Field Report

CSR in Turkey - Electricity or Rice?

Read the latest field report from the Energethics-project's case study in Turkey.

Kızılırmak is the longest river in Turkey and it is an important resource for both Statkraft and local farmers.
Kızılırmak is the longest river in Turkey and it is an important resource for both Statkraft and local farmers.
Ståle Knudsen, Department of Social Anthropology


A diverse resource

The power plant is located on the longest river in Turkey, Kızılırmak. The water in this river is not only a resource for Statkraft as a large amount of rice is produced by irrigation in this district. The new infrastructure becomes a challenge since the water that goes through the power plant's long tunnel reduces the amount of water in the river between the reservoir and the power station. From the dam water rush through a tunnel of twelve kilometer to a power station with two turbines and two generators. This is a relatively dry region where rice farming is impossible without access to water from the river. Thousands of people depend on rice farming in the area that gets reduced water access due to the power plant.

Corporate social responsibility

Official documents from Statkraft and statements from their representatives show that corporate social responsibility (CSR) mainly concerns the people who are directly affected by their projects - "project-affected population". In this project, that meant the people who lost land when the dam was being built. In addition to financial compensation for loss of property by expropriation Statkraft offered farmers support to start alternative income generating activities, such as farming in greenhouses and beekeeping. Ståle and Ingrid attended a meeting organized by Statkraft where an invited expert told farmers about opportunities to engage in beekeeping and they got a tour around the area of the power plant where several of the greenhouses had been sponsored by Statkraft. In this first phase of the project, sponsoring construction and materials for greenhouses was the main focus of Statkraft's CSR policy.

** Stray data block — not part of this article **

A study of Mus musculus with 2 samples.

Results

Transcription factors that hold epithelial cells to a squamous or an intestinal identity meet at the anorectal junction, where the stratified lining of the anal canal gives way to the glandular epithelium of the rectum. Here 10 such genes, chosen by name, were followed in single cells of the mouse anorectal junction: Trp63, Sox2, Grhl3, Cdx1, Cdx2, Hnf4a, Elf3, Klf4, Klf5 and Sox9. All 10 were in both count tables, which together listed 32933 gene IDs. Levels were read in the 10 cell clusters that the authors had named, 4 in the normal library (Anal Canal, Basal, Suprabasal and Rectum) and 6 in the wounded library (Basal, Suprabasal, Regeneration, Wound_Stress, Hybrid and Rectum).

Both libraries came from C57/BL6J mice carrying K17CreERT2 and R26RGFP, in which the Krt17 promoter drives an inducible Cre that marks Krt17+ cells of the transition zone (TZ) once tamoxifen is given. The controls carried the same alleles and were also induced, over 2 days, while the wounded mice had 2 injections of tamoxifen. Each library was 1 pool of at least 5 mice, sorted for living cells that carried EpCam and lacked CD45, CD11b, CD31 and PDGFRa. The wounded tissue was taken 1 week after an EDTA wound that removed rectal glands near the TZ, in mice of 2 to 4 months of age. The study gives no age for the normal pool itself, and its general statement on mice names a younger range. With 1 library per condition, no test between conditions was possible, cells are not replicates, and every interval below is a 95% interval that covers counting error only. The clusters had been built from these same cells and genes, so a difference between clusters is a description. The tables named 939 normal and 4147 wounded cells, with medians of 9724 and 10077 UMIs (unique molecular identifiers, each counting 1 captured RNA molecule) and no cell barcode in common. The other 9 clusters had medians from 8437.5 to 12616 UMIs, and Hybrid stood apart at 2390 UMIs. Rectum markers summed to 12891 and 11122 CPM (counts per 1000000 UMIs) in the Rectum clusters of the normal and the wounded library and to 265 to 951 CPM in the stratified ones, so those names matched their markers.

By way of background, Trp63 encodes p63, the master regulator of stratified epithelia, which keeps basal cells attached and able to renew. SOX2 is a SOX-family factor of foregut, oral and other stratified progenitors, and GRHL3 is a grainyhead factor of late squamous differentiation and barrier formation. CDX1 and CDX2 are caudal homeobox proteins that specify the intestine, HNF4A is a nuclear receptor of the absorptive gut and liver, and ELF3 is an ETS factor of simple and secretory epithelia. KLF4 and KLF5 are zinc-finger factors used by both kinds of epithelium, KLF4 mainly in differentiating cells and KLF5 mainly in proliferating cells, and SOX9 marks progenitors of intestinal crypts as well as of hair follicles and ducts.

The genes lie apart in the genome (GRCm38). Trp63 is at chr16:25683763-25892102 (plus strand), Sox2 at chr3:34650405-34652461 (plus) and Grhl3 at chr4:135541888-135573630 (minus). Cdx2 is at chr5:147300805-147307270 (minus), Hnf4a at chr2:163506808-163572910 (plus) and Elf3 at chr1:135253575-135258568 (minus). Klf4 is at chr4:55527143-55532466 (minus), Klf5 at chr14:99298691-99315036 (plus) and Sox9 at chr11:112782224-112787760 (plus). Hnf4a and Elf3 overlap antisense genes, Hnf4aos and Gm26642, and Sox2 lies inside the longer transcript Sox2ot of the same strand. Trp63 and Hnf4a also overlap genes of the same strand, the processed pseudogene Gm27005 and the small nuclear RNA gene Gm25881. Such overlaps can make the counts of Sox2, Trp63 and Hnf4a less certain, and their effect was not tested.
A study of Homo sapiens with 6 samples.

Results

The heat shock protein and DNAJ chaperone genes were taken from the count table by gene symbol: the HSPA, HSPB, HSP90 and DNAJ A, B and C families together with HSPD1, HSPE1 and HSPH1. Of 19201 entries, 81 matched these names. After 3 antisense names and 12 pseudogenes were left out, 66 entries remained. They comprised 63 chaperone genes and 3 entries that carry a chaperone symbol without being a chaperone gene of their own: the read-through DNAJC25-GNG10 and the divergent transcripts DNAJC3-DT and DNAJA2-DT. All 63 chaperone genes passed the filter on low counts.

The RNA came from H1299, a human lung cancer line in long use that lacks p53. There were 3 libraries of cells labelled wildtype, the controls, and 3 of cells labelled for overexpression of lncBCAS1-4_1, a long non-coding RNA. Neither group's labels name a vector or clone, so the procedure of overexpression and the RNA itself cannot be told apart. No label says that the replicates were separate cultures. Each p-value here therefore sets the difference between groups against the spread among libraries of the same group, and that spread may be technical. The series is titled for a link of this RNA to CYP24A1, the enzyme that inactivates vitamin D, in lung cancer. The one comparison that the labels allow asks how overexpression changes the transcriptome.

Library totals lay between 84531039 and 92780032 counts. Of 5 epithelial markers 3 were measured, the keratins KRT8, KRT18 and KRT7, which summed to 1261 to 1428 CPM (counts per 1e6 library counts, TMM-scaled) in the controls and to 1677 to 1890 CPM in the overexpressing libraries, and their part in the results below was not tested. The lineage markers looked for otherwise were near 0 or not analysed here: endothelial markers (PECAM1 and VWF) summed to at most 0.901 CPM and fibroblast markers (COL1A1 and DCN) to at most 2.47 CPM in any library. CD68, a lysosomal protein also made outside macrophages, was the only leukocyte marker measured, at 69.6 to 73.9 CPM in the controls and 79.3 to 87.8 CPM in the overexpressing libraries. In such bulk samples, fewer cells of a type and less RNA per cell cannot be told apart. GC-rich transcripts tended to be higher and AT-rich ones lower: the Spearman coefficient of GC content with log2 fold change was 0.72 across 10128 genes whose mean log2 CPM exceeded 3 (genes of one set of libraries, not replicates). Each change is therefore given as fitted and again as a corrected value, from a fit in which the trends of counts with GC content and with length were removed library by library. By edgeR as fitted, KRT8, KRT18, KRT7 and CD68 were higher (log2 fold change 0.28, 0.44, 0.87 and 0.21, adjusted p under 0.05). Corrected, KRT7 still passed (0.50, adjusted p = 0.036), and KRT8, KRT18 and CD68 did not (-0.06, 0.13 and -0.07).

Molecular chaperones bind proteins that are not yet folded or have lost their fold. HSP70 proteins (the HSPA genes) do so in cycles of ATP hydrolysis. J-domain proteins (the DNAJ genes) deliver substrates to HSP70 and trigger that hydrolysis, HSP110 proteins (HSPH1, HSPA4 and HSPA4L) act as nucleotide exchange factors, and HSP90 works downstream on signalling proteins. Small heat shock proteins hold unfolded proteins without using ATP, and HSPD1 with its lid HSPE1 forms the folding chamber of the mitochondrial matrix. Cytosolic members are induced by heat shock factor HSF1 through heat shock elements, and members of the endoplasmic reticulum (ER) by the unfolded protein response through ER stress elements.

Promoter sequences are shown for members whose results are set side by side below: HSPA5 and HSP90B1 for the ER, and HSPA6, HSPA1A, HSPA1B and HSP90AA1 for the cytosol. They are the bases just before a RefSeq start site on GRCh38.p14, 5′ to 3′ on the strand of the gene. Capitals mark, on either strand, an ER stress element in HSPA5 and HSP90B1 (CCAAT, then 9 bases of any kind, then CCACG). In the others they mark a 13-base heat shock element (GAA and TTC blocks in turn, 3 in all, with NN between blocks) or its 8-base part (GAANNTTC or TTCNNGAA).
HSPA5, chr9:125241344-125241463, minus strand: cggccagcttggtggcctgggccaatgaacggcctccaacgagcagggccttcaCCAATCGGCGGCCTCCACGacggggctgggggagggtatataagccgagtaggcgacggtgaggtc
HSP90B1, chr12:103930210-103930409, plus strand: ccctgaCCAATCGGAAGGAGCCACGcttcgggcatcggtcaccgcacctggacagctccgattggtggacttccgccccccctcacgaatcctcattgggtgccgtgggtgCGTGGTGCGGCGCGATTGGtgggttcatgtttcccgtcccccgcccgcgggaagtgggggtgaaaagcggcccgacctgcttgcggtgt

Now that the plant is in operation Statkraft has changed the focus of their CSR policy to target "downstream" issues - particularly rice farmers’ access to water in the cultivation period from May to September. Statkraft aims to explore the possibilities of improving the infrastructure of the highly complex irrigation system, as they believe that the infrastructure is “suboptimal”. If the infrastructure is improved less water will be needed for rice farming, and more water can rush through the tunnel of the power plant, which in turn will increase the company’s profit.

Expectations to CSR

During conversations with Statkraft representatives in Oslo, Istanbul and Osmancık it has become evident that they often have different ideas and practices when it comes to carrying out CSR policies. Some prefer to speak about “Environmental and Social Management” instead of CSR because CSR can often, especially in Turkey, be perceived as a philanthropic approach where the company gives support and resources to for example schools and not necessarily to “project affected people”.

Moving forward we plan to further explore how CSR is spoken about and put into action on various levels within the Statkraft Corporation. Our particular interest concerns the possibilities for Statkraft to implement a ‘Nordic’ model for CSR abroad.